Burial Sites Believed to Be Those of African Americans Dating Back More Than a Century

Clemson, SC – Ground-penetrating radar has revealed the possible locations of more than 200 unmarked graves in Woodland Cemetery on the Clemson University campus believed to date back more than a century.

The graves are thought to be those of enslaved people who worked from about 1830 to 1865 on John C. Calhoun’s Fort Hill Plantation and later as sharecroppers and Black laborers, including convicted individuals involved in the construction of Clemson College from 1890 to 1915. All are believed to be African Americans.

The university has reached out to leadership in the local African-American community. Dr. Rhondda Thomas, the Calhoun Lemon Professor of Literature at Clemson whose research and teaching focuses on early African-American literature and culture, will be engaging with area families to better understand who might be buried in the Woodland Cemetery and to seek guidance on what steps the university should take moving forward to honor them.

The school has hired a dedicated historian to assist Dr. Paul Anderson, the university historian who is leading the research.  All of the work will be published to a website Clemson started to document the university’s role in Woodland Cemetery and give voice to the African Americans who are buried there.

“We are committed to taking all the critically important actions to enhance these grounds, preserve these grave sites and to ensure the people buried there are properly honored and respected,” said Smyth McKissick, chairman of the Board of Trustees. “Clemson is dedicated to developing and sharing a full and accurate history of this area and to develop a preservation plan to protect it and those who rest here.”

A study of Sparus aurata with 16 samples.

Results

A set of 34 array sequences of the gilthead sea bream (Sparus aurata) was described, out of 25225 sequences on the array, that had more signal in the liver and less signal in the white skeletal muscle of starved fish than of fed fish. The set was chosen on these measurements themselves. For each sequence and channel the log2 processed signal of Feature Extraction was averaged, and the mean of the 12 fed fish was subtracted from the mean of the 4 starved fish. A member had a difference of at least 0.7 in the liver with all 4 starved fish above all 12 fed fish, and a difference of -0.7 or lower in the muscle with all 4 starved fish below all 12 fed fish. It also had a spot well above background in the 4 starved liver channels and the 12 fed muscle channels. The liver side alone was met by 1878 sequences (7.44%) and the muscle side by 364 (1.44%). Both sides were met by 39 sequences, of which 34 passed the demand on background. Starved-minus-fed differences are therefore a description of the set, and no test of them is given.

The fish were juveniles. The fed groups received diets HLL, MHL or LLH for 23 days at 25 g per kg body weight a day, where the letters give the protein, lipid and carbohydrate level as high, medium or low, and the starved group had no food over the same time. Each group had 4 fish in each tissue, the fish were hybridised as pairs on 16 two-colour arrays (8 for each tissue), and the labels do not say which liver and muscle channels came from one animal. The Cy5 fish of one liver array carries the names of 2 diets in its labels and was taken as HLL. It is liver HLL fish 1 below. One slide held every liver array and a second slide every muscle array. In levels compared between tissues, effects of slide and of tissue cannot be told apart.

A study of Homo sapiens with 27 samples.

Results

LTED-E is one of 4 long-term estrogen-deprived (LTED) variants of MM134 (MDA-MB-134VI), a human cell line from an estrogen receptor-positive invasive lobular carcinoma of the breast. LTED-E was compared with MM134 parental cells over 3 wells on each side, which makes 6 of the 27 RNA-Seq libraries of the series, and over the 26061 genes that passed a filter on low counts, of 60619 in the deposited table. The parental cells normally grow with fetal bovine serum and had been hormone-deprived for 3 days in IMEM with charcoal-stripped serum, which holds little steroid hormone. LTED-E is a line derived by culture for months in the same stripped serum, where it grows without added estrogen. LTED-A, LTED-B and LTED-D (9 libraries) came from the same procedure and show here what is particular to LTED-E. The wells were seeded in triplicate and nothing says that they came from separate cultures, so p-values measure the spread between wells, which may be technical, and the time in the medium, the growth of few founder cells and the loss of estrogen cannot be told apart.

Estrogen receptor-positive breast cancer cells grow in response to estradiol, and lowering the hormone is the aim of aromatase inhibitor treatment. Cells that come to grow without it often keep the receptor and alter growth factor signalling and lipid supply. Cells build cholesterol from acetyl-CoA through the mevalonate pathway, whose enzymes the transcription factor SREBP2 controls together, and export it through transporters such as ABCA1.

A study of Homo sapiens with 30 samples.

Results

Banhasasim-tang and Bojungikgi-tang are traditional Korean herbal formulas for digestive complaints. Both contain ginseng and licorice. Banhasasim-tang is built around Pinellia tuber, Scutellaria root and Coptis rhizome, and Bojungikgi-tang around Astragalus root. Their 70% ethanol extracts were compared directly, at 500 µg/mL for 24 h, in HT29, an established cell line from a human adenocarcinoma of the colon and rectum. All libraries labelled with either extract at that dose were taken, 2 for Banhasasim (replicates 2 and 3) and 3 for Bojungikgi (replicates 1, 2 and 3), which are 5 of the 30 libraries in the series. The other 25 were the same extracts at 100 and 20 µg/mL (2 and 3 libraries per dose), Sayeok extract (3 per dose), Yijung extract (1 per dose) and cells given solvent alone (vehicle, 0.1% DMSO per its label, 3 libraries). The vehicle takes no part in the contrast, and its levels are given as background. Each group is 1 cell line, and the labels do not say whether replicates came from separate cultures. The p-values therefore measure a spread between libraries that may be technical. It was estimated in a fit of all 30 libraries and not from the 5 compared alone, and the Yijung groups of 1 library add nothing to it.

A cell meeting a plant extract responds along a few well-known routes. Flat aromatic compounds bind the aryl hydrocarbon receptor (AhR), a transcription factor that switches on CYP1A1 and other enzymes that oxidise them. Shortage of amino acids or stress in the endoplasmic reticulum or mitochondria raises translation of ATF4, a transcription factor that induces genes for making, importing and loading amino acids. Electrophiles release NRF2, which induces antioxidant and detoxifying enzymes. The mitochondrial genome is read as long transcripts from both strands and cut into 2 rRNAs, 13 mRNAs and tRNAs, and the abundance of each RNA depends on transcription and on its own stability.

Testing shows disturbed soil roughly five feet beneath the surface indicating possible burial sites. Continued investigation of the cemetery could identify additional potential burial sites in the coming weeks and months.

Many of the possible graves are in an area of Woodland Cemetery to the west of the Calhoun family plots long thought to be the site of graves of African Americans dating back to the 1800s.

Clemson requested a court order in September 1960 approving the school’s plan to locate graves in this area marked with field stones and to move them several hundred feet to an area to the south. The number of graves moved is not yet known, but it now appears many are still in their original location. Efforts to identify and preserve these original historic gravesites in 1992 and again in the early 2000s were inconclusive.

The school installed protective fencing around a roughly one-acre section to the south in 2002 and identified it as the “Site of Unknown Burials.” Twenty-five of the grave sites recently revealed by radar are located within and around this fenced area.

Clemson erected historic markers at Woodland Cemetery in 2016 designating the area as the site of the Fort Hill Slave and Convict Cemetery and acknowledging the roles played by enslaved and convicted individuals buried here.